Gov. Dunleavy calls lawmakers into a special session in Juneau

Gov. Mike Dunleavy signing the formal proclamation calling the Legislature into a special session Wednesday evening.

The session will be limited to discussing a crime reform package, an operating budget containing a full Permanent Fund Dividend, a capital budget and a mental health trust budget. Lawmakers will also be asked to discuss funding K-12 education.

“I told Alaskans earlier today that these items must be completed before adjournment and we would remove any of the five items from the call if they passed by midnight tonight,” said Dunleavy in a statement. “Now, I urge lawmakers to work with me in the remaining days to get these bills passed and bring the special session to a close."

Dunelavy floated the idea of holding a special session in the Matanuska-Susitna Valley but decided on holding it in Juneau. He warned that the location might need to change if legislators don't make progress.

"If the legislature again fails to adopt a full PFD, operating and capital budgets, fund education and pass an effective crime package, it will be evident we will need to move to a new venue,” read a statement from the governor.

The 121 constitutional deadline for the end of the legislative session passed at midnight Wednesday. An omnibus bill to tackle crime remained on the table.

House Speaker Rep. Bryce Edgmon, I-Dillingham, said a conference committee would be held at 11:00 a.m. Thursday to iron out differences between the bills passed by the Senate and the House.

House Bill 49, passed unanimously by the Alaska Senate Tuesday morning, would raise sentencing ranges, increase penalties for drug possession offenses, toughen rules on probation and parole and target certain sexual assault offenses.

The bill was sent to the House for concurrence Tuesday but many members of the House majority were concerned that they didn’t have enough time to review it before voting to approve it.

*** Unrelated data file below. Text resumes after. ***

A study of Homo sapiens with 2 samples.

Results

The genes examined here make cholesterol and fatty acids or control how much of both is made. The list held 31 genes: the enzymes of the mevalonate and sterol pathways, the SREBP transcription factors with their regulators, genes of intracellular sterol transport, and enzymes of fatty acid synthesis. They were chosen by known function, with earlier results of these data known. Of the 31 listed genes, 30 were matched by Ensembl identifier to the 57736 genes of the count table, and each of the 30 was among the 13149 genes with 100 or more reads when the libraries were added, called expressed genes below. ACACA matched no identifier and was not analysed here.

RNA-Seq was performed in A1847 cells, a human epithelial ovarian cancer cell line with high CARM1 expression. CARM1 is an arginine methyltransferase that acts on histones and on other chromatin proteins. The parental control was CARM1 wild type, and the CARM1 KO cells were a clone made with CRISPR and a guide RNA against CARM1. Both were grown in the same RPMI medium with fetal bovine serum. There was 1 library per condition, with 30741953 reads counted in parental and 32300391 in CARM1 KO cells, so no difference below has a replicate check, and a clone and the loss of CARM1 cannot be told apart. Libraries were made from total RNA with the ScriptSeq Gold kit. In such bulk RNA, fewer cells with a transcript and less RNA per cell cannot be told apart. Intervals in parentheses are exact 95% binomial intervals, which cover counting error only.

Rep. Chuck Kopp, R-Anchorage, said not voting for concurrence was not a rejection of the Senate’s bill but showed that the House did not simply want to “rubber stamp it.”

The budget, sitting in a conference committee, rejected most of the reductions proposed by the governor at the beginning of the session.

The current version of the budget would make around $40 million in cuts to the Alaska Marine Highway System, $70 million in reductions from the Department of Health and Social Services and $5 million from the University of Alaska.

Legislators also approved fully funding municipal school construction costs, known as school bond debt reimbursement, at a cost of more than $100 million for FY2020.

Education remains a thornier issue to resolve in the upcoming special session. The House majority and Senate have been united that a forward funding measure passed in 2018 funds schools for fiscal year 2020.

The Alaska Attorney General released a formal opinion May 09 stating that that decision is unconstitutional.

According to the opinion, the Legislature’s decision “contravenes the annual budgeting process required by the Alaska Constitution and it is an improper dedication of funds.”

Legislators say they received advice from the Division of Legal and Research Services that says omitting an appropriation item for schools was constitutional.